The number of continuous transaction controls (CTC) jurisdictions worldwide is increasing at a high speed. What’s equally interesting to note is a parallel development: countries that already have CTCs in place are expanding the scope of their CTC regimes by introducing new obligations around related document types, notably for transport documents.
We are witnessing a trend through which e-transport documents are becoming a companion to, or an integral component of, many CTC systems. Here is why:
The rising popularity of e-transport documents
The transport document is issued to accompany goods during transport and provides proof of the transfer.
Transport documents and invoices have much information in common. Therefore, transport documents are usually designed to link the invoice data that is reported or approved in a CTC procedure, thereby creating control options for the physical supply chain from transaction verification mechanisms embedded in the financial supply chain. As a result, they eventually contribute to the tax authority’s ability to assess the physical reality of taxable transactions by comparing data received through e-invoice and e-transport document systems.
The use of QR codes, radio frequency identification and cameras as control mechanisms
Some jurisdictions require QR codes to be present on e-transport documents to easily check if the vehicle transporting the goods is stopped for control. However, there are even more sophisticated methods to verify the transport of goods in some countries.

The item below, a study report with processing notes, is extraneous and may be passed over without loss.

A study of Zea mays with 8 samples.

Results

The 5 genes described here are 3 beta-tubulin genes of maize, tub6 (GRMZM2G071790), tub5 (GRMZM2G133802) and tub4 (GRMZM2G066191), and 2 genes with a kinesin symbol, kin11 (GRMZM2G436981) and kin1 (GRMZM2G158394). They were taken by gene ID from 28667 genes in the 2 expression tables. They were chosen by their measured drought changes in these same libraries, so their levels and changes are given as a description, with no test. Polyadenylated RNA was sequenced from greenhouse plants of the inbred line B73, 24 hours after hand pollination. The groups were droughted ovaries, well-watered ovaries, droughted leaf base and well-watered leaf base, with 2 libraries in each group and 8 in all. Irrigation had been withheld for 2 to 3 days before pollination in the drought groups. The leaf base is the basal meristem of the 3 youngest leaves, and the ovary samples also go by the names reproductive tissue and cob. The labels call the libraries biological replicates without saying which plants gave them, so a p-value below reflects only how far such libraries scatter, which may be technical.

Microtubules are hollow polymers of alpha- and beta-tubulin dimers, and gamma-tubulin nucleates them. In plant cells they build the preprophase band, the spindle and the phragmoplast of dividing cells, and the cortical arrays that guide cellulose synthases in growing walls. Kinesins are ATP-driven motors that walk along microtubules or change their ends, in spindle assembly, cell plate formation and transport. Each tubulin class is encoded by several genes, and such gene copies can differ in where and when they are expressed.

In India, under certain circumstances, transport vehicles must carry Radio Frequency Identification (RFID) tags that include item classification, destination and vehicle details furnished at the time of the e-way bill generation. This tag then is read by the cameras on the road, allowing cross-verification of the details of the vehicle movement specified in the e-way bill with their physical movement. This system helps the tax administration to detect non-compliant behaviour while having better visibility and greater precision to check tax evasion.
It is foreseeable that e-transport document obligations will become more common in particularly CTC jurisdictions. This is because of the ability to leverage the tax authority’s platform to receive more data and use it for comparison. Considering the pace of broadening of CTCs, the primary need of most businesses will be sustaining data consistency and reconciliation. To stay compliant, taxpayers must ensure that their processes are flexible and compatible with changes that the tax authorities are introducing.
With coverage across more than 70 countries, Sovos can help relieve the burden of tax compliance. Contact our team to discuss your CTC requirements.